Judge denies class action status for disabled housing rights lawsuit
Housing rights for the developmentally disabled in Illinois won’t change for now, after a court ruling that dismisses the class action portion of the Ligas v. Maram lawsuit.
U.S. District Court Judge James Holderman, rejected an agreement between the plaintiffs and defendants, that would have required the state to create a service plan for all individuals with developmental disabilities before enrolling them in a private Intermediate Care Facility (ICF) or a waiver-funded community based program. In his ruling the judge wrote that the agreement was much “broader than was necessary to address the needs” of the class members. Holderman also dismissed the case’s class action status because the definition for class members was too broad and the plaintiffs in the case didn’t have “sufficient commonality.”
For some, the ruling is a step back in a case that could have expanded or created new programs for the developmentally disabled in housing placement. The plaintiffs argued that many developmentally disabled people who are eligible for Community Integrated Living Arrangements (CILA) are not being placed in these settings because the services they need are not available in current programs, or there aren’t enough spaces in current community programs to fill the need.
But for those associated with intermediate care facilities, the decision is a victory. With the state’s budget crisis, ICF supporters felt that a court order to funnel more money to community living arrangements could jeopardize services and funding at institutions. They feared this gradual shift could lead to some institutions closings, where many developmentally disabled residents have thrived while receiving the care they need.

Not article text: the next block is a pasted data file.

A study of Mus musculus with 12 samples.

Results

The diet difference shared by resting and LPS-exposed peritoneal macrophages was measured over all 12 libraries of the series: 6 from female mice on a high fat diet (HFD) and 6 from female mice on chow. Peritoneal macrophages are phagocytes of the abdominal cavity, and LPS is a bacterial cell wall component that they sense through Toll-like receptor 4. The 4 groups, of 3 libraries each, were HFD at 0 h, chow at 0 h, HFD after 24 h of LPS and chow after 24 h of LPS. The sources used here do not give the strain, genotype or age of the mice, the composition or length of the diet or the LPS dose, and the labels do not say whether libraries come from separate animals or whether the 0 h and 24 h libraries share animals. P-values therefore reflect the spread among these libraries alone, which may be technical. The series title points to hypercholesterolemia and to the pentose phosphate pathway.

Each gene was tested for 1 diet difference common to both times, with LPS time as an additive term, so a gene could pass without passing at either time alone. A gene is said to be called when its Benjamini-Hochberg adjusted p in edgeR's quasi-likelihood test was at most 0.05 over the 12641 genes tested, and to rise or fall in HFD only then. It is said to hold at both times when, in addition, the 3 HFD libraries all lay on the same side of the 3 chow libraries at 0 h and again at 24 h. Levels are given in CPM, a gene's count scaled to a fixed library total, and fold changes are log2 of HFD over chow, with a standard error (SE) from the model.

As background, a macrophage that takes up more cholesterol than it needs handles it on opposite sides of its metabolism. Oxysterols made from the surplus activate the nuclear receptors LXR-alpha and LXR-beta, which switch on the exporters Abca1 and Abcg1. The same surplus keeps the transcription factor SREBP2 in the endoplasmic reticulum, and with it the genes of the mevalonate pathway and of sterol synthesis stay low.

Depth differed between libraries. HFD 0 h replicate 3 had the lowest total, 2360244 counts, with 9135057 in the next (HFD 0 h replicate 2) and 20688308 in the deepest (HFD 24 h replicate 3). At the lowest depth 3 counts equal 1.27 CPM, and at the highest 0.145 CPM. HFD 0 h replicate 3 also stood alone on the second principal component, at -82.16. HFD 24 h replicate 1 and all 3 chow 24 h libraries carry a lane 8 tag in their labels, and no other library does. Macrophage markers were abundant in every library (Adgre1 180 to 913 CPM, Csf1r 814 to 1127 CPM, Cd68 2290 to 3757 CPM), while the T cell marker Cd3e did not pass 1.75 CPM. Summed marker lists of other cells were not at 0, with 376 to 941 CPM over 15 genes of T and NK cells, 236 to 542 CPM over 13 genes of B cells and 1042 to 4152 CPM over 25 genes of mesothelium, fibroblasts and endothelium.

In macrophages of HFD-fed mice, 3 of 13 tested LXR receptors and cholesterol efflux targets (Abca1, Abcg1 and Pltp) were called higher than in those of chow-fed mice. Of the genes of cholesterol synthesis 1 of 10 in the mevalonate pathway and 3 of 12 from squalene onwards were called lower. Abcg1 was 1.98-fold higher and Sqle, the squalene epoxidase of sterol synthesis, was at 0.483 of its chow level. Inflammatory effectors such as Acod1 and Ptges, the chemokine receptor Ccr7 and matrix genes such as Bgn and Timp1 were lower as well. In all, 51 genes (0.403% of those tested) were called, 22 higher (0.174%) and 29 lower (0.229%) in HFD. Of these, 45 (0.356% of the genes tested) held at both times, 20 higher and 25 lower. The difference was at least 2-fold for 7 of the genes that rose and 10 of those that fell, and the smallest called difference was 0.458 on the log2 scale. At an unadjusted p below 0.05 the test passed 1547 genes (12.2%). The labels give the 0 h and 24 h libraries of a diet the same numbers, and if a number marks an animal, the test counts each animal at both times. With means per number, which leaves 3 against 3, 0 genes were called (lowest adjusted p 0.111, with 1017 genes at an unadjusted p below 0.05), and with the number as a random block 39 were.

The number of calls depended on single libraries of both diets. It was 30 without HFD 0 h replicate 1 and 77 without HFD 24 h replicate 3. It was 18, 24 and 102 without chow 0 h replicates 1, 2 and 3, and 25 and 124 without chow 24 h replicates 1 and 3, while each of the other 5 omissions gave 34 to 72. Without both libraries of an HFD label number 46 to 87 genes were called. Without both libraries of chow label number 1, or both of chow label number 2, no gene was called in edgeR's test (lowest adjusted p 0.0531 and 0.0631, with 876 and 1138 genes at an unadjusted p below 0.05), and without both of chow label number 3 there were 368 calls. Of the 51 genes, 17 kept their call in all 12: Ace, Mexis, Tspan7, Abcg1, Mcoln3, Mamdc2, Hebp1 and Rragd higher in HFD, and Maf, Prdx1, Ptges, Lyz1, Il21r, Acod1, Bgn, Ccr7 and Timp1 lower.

Although the class action case cannot move forward, the nine plaintiffs can file individual lawsuits. Barry Taylor, counsel for the plaintiffs and the legal director for Equip for Equality, a non-profit advocacy group for the developmentally disabled, said the case hasn’t been dismissed and that the court still has to determine whether Illinois is in compliance with federal law. A status hearing will be held on July 30.
One of the plaintiffs’ arguments was that Illinois isn’t in compliance with the U.S. Supreme Court’s decision in Olmstead v. L.C. The Supreme Court ruled that unnecessarily institutionalizing a person with developmental disabilities is discrimination under the Americans with Disabilities Act if that person could live in the community with some support. The ruling required states to create comprehensive plans to evaluate those who are, or who are at risk of, being institutionalized unnecessarily.
Taylor said Illinois continues to rank last among the states in providing community based living options for the developmentally disabled. He said the developmentally disabled have a civil right to choose where they live and that the state must grant these rights, under the Olmstead ruling. Although the class decertification is disappointing, Taylor said, the groups involved in the case will keep pushing for change to make more housing options available to the developmentally disabled.
“This outdated system does not serve our friends, neighbors, family members and colleagues with developmental disabilities,” Taylor said. “The struggle to enforce their civil rights did not end with this ruling.”
William Choslovsky, an attorney who represented a group of developmentally disabled people on a waiting list for the Misericordia Heart of Mercy facility, said they are pleased that the judge listened to their arguments against the settlement. In addition to their dissenting comments from a hearing on July 1, Holderman received 2,500 written objections to the agreement. Choslovsky said the ruling recognizes that the needs of the disabled are too varied to be lumped together in a one size fits all solution. He said “expanding choice for some should not come at the expense of eliminating choice for others.”
“The judge’s decision demonstrates that what is lacking most in Illinois is not choice, but rather funding for all the existing choices, be they for small homes, large homes, or something in between,” Choslovsky said. “Illinois’ current budget crisis makes it painfully clear that everyone’s focus should be on making the disability pie bigger for all –not robbing Peter to pay Paul.”
To read coverage of the Ligas v. Maram fairness hearing and for more background on the case, click on the July 2009 archive link and go to the July 2, 2009 blog post, “Housing Rights Choice Rests with Judge.”